CBS News shared a shocking image comparing the drought conditions in the Western US. This time last year, small sections of the west were in moderate drought conditions, compared to this year where a vast majority of the map is blanketed by exceptional drought conditions. They report that over the past 20 years, the coverage of exceptional drought conditions has never surpassed 11%, yet we are currently at an unbelievable 27%.

In May of 2021, California’s drought emergency was expanded to cover 30% of the state’s population, and the conditions appear to be getting worse as the summer months are upon us. We are approaching this year’s fire season with critically low levels of vegetation moisture, which will simply exacerbate our water conservation issues.

Water used to fight fires is generally not taken from oceans due to the high salt content making the water corrosive, which requires the aircraft to be washed out with fresh water afterward. An article posted by The Spectrum in 2020 addresses the war against wildfires, and the water we’re using to fight them. Mike Melton from the Division of Forestry, Fire and State Land’s Fire Management Officer for southwest Utah, just three major fires in Washington County in July 2020 were responsible for drawing over 750,000 gallons of water from the local reservoirs. The Veyo West Fire burned nearly 3,000 acres and required over 100,000 gallons alone. Looking to California, where wildfires can burn hundreds of thousands of acres (and a record 1,032,468 acres in the August Complex Fire of 2020), you have to wonder where all this water is going to come from, and what it will mean for the average household’s water availability through this summer and beyond.

With reservoirs at an all time low, and going into the most daunting drought and fire seasons in recorded history, the Western US has a very rough summer ahead.  This interactive graphic from the Department of Water Resources shows the status of the state’s water reservoirs, how every one is less than the historical average mark, and most  are falling under 50% of the reservoir capacity.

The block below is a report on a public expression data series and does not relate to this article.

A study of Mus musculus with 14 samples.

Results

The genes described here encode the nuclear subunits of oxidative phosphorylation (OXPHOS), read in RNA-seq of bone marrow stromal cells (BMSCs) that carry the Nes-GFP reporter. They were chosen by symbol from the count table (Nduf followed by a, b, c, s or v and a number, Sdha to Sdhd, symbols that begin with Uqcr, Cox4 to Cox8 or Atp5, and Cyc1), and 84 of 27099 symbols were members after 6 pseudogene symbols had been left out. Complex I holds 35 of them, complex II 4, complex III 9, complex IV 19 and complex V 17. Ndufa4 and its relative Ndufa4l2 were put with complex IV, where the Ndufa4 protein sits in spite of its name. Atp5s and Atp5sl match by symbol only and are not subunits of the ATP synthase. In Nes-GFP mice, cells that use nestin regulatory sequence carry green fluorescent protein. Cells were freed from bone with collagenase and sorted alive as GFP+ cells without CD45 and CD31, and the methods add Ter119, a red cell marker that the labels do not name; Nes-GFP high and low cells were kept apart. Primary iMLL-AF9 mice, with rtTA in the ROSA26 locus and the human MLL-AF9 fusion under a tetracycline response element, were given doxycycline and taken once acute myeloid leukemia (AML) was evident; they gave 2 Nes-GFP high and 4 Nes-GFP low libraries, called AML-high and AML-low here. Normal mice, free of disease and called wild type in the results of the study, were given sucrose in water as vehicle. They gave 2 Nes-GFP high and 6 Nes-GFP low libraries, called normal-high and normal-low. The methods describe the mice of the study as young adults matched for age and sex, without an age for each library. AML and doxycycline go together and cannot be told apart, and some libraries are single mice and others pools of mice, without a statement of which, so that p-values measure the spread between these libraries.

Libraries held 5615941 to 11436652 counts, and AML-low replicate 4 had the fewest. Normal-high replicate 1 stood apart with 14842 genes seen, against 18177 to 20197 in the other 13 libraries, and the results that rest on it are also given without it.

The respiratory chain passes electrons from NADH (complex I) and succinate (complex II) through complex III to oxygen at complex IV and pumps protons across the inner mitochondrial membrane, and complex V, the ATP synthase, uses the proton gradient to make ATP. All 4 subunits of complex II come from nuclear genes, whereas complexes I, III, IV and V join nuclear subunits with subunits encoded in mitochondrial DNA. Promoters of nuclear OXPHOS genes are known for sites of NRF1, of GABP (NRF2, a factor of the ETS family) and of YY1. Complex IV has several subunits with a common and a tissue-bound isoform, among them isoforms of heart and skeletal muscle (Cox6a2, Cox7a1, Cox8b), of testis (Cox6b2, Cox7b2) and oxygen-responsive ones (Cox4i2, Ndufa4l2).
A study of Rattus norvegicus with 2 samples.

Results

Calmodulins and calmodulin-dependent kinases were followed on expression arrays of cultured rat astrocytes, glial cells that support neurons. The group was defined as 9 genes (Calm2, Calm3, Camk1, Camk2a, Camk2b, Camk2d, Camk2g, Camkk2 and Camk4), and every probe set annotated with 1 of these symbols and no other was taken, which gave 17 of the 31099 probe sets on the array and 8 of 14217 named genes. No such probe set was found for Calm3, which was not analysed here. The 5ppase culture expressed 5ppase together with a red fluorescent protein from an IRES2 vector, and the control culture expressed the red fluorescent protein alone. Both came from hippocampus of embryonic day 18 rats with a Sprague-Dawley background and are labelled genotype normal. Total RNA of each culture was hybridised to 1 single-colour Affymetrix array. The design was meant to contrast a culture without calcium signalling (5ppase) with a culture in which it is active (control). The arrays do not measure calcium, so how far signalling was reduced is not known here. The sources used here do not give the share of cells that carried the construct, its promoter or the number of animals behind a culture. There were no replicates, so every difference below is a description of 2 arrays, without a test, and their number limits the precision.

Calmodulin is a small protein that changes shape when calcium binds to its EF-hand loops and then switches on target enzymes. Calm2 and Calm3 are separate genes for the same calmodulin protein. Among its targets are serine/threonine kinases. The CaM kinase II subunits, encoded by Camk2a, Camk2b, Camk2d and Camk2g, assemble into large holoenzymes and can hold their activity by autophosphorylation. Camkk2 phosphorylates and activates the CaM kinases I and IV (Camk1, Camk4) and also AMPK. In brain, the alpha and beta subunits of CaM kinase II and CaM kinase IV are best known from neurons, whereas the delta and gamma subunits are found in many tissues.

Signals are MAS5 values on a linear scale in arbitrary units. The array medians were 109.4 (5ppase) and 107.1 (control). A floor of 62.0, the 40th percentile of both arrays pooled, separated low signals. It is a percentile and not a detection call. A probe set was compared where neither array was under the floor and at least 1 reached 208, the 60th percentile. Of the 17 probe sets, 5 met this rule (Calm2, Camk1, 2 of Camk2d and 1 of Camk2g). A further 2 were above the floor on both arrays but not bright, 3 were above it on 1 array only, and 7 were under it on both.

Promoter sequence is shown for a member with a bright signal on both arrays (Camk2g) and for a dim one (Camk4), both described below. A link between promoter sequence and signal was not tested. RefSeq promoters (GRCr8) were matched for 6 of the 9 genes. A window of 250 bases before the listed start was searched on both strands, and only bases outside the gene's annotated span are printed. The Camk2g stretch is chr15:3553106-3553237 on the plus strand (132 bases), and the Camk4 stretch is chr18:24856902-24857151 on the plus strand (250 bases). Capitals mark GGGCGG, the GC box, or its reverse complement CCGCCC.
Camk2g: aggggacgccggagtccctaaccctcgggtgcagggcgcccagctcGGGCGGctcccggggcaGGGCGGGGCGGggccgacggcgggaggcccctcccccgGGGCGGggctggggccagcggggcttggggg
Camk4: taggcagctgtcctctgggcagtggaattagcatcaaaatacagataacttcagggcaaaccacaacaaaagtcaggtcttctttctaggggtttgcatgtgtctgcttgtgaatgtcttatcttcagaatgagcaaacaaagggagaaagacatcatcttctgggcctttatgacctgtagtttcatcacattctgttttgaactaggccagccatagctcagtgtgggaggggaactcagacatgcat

Drought conditions are likely to continue getting worse, water usages rates will continue to rise, and the availability of our planet’s most precious resource is going to become more and more scarce.

You can take the first step toward improving the global water situation by becoming more aware of your water consumption and finding ways to reduce your household’s usage. Checking your home for leaks, taking shorter showers, turning off the tap when you brush your teeth, running the dishwasher instead of hand washing, using a watering can for the garden instead of leaving the hose running, and paying close attention to your irrigation schedule can all help significantly. Keeping yourself in the lower tiers of usage will save you from high water bills. For many households, this can be difficult as you simply get a bill at the end of the month or quarter with abstract usage data to go off of.

The bluebot ultrasonic water monitor was designed to help. Simply clamp it on to your water line and use the app to monitor your usage in real time. Input your bill so you can keep track of your usage costs, and set custom alerts to track your progress throughout the month. The bluebot app will also notify you when excess usage or possible leaks occur, so you can take care of them before they become a big issue.